New research provides evidence that a mother’s sleep — or lack thereof — is associated with the quality of her parenting. The study, published in the Journal of Family Psychology, suggests that sleep is part of a chain of factors that influences child development.
If so, promoting better sleep could end up promoting more positive parent involvement.
“Throughout my undergraduate and graduate research, I have been interested in parent-child interactions and the factors that contribute to them. In particular, I have studied various forms of stress that could influence these interactions,” said study author Maureen McQuillan, a PhD student in clinical science at Indiana University in Bloomington.
“During graduate school, I also received extensive training working in a parent training clinic for children with behavior problems under the supervision of my advisor and co-author, Dr. Jack Bates. In this clinic, we help parents modify their parenting techniques to better manage their child’s behavior.”
“Through that experience, I became very interested in forms of stress (e.g., sleep deficits) that may interfere with parents’ ability to parent effectively. I since have devoted my dissertation research to questions pertaining to how sleep deficits affect parenting, which parents are most susceptible to these effects, and how these things could be changed through interventions.”
In the study, 314 mothers of toddlers completed a variety of psychological questionnaires regarding stress and parenting. The mothers kept a sleep diary and wore a watch-like actigraph to monitor their physical activity. The researchers also made in-home visits to the participants to observe their parenting behaviors.
McQuillan and her colleagues observed that mothers with insufficient sleep and other sleeping problems tended to be less responsive and nurturing towards their toddler.
“The main result from this particular study is that poor and insufficient sleep (i.e., short, late, variable night to night, and fragmented sleep, as well as long sleep onset latencies) are associated with less observed positive parenting, which has been shown to be important for children’s development,” she told PsyPost.
Positive parenting includes behaviors like responding to a child’s vocalizations with a verbal response, accommodating oneself to a child’s needs, and simply staying within visual range of a child.
“Poor and insufficient sleep is also linked with various forms of stress, but sleep predicts variance in parenting above and beyond other forms of stress. In other words, although stress is associated with less positive parenting, sleep deficits account for additional variance in parenting beyond that explained by stress. This is an exciting finding because it may suggest that sleep could be an important target for intervention to improve parenting behavior,” McQuillan said.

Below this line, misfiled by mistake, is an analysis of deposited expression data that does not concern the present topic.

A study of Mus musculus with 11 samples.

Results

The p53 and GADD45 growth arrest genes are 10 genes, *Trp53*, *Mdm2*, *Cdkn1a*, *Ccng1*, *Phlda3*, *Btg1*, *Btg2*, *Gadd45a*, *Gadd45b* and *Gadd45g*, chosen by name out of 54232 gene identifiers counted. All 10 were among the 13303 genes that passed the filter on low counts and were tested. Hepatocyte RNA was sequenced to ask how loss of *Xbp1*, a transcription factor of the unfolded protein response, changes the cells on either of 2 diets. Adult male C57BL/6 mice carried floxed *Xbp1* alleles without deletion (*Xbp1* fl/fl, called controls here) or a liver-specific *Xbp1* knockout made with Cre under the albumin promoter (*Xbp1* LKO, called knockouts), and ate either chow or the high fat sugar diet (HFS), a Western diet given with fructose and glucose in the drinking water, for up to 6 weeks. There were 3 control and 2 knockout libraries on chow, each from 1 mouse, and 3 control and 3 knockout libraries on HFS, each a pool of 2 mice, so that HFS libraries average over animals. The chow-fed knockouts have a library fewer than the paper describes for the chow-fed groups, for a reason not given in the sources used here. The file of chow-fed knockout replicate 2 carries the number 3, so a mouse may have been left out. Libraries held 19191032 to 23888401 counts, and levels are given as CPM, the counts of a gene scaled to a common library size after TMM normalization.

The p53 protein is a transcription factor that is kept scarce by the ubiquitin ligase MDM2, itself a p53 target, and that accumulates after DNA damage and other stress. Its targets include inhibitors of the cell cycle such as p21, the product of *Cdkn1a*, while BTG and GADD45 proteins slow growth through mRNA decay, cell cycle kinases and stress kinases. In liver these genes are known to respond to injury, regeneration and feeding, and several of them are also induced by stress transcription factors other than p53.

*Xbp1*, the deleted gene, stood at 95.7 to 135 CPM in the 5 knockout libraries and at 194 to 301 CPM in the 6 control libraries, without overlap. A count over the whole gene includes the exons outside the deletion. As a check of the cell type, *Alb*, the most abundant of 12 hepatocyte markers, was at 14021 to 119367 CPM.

Sleep problems and insufficient sleep were also associated with dysfunctional parenting behaviors such as overreacting when a child misbehaves. But this was mostly explained by heightened levels of stress among mothers with poor sleep.
The study controlled for a number of factors, such as the mother’s age, the number of children she had, and family size. But like all research, the study includes some limitations.
“I would say that there are four main caveats that I am actively working on addressing in my dissertation research. The first is that this particular study was conducted at one point in time (when the mothers’ children were 2.5 years old). To fully demonstrate that sleep predicts parenting, we would need to replicate this finding across time. Luckily, we have this longitudinal data and have started to find preliminary results to suggest that the finding indeed replicates across time,” McQuillan said.
“The second caveat is that we don’t yet know empirically why sleep deficits affect parenting. Our hypothesis is that when a mother is sleep deprived, she is less well regulated and more likely to parent ineffectively. We have measures of maternal executive function that we are actively analyzing to test this hypothesis.”
“Third, we are unsure if all mothers experience this association between sleep and parenting behavior equally. It is likely that some mothers may be especially affected by sleep deficits, and I am pursuing that question in my dissertation as well,” McQuillan explained.
“Fourth, although we imply based on the present findings that sleep could be a promising intervention target for parents, this has yet to be demonstrated empirically. In an intervention study with Dr. Jack Bates and Dr. Sarah Honaker, we are starting to examine this question.”
“In our new study, we are testing a behavioral intervention for children’s sleep difficulties in a randomized controlled trial for children receiving treatment in our parent training clinic. We have actigraphic measures of parent and child sleep in this study to examine how both change over the course of the 4-month intervention,” McQuillan said.
The study, “Maternal Stress, Sleep, and Parenting“, was authored by Maureen E. McQuillan, John E. Bates, Angela D. Staples, and Kirby Deater-Deckard.